No parent wants to see their child get hurt, but most parents figure that a few hits or tumbles are a normal part of growing up. That may largely be true — except where head injuries are concerned.
If your child has any kind of head injury, it’s critical to ensure that they get prompt medical treatment — just in case the condition is serious. The severity of their condition may affect their ability to quickly bounce back from their injury.
Boys are more likely than girls to suffer serious head injuries
Stanford Children’s Health Data captures how adolescent boys are the one group of kids most likely to suffer head injuries, especially concussions. They most commonly suffer their injuries in the spring or summer while playing recreational or league sports.
Head injuries don’t just result from contact sports, though. Car accidents, slip-and-fall accidents and other personal injury incidents can all lead to concussions and traumatic brain injuries.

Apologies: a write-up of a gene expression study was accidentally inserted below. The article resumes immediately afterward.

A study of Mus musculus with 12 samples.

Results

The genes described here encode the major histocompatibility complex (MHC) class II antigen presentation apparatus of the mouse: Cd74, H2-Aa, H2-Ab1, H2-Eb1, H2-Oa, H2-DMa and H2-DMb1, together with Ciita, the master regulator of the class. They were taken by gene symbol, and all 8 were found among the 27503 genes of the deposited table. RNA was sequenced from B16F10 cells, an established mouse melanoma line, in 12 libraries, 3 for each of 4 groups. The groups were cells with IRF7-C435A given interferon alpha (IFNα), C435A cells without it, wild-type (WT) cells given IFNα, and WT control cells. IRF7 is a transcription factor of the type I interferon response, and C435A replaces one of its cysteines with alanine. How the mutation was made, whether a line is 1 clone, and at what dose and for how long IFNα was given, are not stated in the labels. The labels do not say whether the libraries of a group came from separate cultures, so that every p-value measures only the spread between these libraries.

How head injuries symptoms unfold
Many patients who suffer head injuries end up dealing with the long-term implications of their condition because they wait for visible signs of impairment to emerge before seeking medical care. If your child has had a bump on the head, watch out for the following signs:
- Sensitivity to light or sounds
- Increased irritability
Children with particularly profound head injuries may experience a loss of consciousness, memory problems, nausea, seizures or slurred speech.
Don’t try to self-diagnose your child
Many parents avoid taking their child to the doctor, assuming that their condition will clear up in a matter of days. Your child may suffer irreparable damage if you hold off on getting them treatment following a brain injury, so don’t delay.
Knowledge is power in getting your child the help that they need. Such treatment is likely to be costly. An attorney can provide insight into how you might be able to recover compensation here in Florida to pay for your child’s medical costs.